He led the Missouri Valley Conference through divided waters after the loss of Creighton, and then Wichita State.
He moved the league's biggest event, its historic men's basketball tournament, to a neutral site before it was mainstream to do so, and did the same for the women's tournament even though it wasn't particularly profitable. And when the biggest pandemic to hit our shores in forever eliminated the 2019 NCAA Tournament and threatened the start of the 2020-21 season, MVC Commissioner Doug Elgin still decided to stay.
The longtime commissioner of the league announced he will retire next year, but he's not leaving yet.
"It is my senior year. I'm the only true senior on the call," Elgin said Thursday during a Zoom call with league media since we couldn't get together in person like normal. "I really look forward to the upcoming basketball season, and the rescheduling we've done with fall sports to spring, it's going to be a wild climax to my 33 years, but, again, I'm really excited to be a part of this."
Like most of you, I've only known Elgin to be at the head of the Valley, which SIU has called home since 1974. He's been on the NCAA selection committee and the NIT selection committee, and helped the Valley redefine itself by acquiring Loyola and Valparaiso. Loyola, which had a losing record in 2015-16, won 32 games and went to the Final Four two years later.
I can't imagine the Valley without him, and even though the MVC Presidents Council has a year to find his replacement, I struggle to see how they'll find an improvement.
The longest-tenured commissioner in a multi-sport Division I conference in the country, Elgin came to the Valley in 1988. He expected to stay only a couple of years, but helped the league find a niche as a mid-major basketball powerhouse. Their teams won 10 straight first-round games in the NCAA Tournament between 2012-18, almost unheard of for a mid-major, and before that, five teams seeded 12 or worse at the Big Dance won.
After adding Missouri State, Northern Iowa and Evansville in the 1990s and merging the league with the women's sports' Gateway Conference in 1992, Elgin's biggest accomplishment was actually moving the Valley's biggest event off member schools' campuses.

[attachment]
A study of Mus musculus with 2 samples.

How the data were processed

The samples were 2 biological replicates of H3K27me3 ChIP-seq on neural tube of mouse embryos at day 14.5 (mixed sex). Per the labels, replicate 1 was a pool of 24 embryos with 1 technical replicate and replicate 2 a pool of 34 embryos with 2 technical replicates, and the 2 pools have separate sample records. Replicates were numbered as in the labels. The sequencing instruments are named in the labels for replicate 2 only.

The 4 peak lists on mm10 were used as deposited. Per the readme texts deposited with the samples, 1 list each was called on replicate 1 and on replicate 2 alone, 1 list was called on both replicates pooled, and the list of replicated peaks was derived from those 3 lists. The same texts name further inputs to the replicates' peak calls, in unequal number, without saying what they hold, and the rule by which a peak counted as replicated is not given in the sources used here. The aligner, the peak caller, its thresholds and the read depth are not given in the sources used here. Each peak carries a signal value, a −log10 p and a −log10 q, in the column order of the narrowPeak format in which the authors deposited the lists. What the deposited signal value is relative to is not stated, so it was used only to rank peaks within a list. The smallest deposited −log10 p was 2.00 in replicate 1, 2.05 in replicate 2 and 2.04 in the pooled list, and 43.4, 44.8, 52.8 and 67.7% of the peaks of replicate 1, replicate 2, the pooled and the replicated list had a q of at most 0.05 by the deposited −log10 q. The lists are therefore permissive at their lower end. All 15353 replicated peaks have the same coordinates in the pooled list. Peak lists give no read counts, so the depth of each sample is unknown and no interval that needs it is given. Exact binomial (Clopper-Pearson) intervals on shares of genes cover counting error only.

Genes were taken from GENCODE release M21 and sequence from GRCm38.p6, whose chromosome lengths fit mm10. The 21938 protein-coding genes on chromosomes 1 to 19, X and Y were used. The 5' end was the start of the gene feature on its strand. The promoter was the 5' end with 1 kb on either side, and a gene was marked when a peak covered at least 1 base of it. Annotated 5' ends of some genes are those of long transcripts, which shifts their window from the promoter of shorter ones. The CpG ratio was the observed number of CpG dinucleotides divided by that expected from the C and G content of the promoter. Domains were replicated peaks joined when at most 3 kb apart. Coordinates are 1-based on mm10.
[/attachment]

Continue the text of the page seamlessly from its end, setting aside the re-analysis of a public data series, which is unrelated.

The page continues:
The Valley moved the men's tournament from campus sites to the Kiel Auditorium in St. Louis in 1991. It moved to the St. Louis Arena from 1992-94 and what was known as the Savvis Center in 1995 (it's since been named the Scottrade Center and now the Enterprise Center). The men's tournament celebrated its 30th straight event in St. Louis in March.
Elgin helped move the women's tournament to a neutral site in 2008, to St. Charles, Missouri, when most major women's basketball tournaments were being held at campus sites. The event moved to the iWireless Center (now known as the TaxSlayer Center) in Moline in 2016, where it has thrived.
During Elgin's tenure, the Valley has hosted 12 NCAA basketball postseason events in St. Louis, including the 2001 and 2009 Women's Final Fours, the 2005 Men's Final Four, and several men's regional games. The league received a bid to host first and second-round games of the 2026 NCAA Tournament earlier this week.
“I’ve been blessed to have had the opportunity to work in a conference that has valued the academic and competitive success of its student-athletes,” Elgin said. “We’ve had very committed campus leadership and great coaches during my time here. And the continuity and extraordinary dedication of our staff has played a major role in keeping the MVC in a position of prominence.”
Good luck to Elgin in the future, both the near version and the retired one.
• Verplancken approved for takeoff: SIU sophomore guard Steven Verplancken Jr., a transfer from Division II Glenville (West Virginia) State, had his waiver for the upcoming season approved by the NCAA.
The 6-foot-4, 200-pound guard is a fantastic story. He was born in the Dominican Republic and moved to Belgium when he was 9 years old. He played for a top-20 team as a high school senior but never received a Division I offer, so he went to Glenville State and averaged 16.4 points, five rebounds and 3.1 assists per game in 28 games as a true freshman. He shot 50% from the field and 45% from the 3-point line, and should give the Salukis some instant offense.
TODD HEFFERMAN covers SIU Athletics for The Southern Illinoisan. Contact him at email@example.com, 618-351-5087 or on Twitter at @THefferman.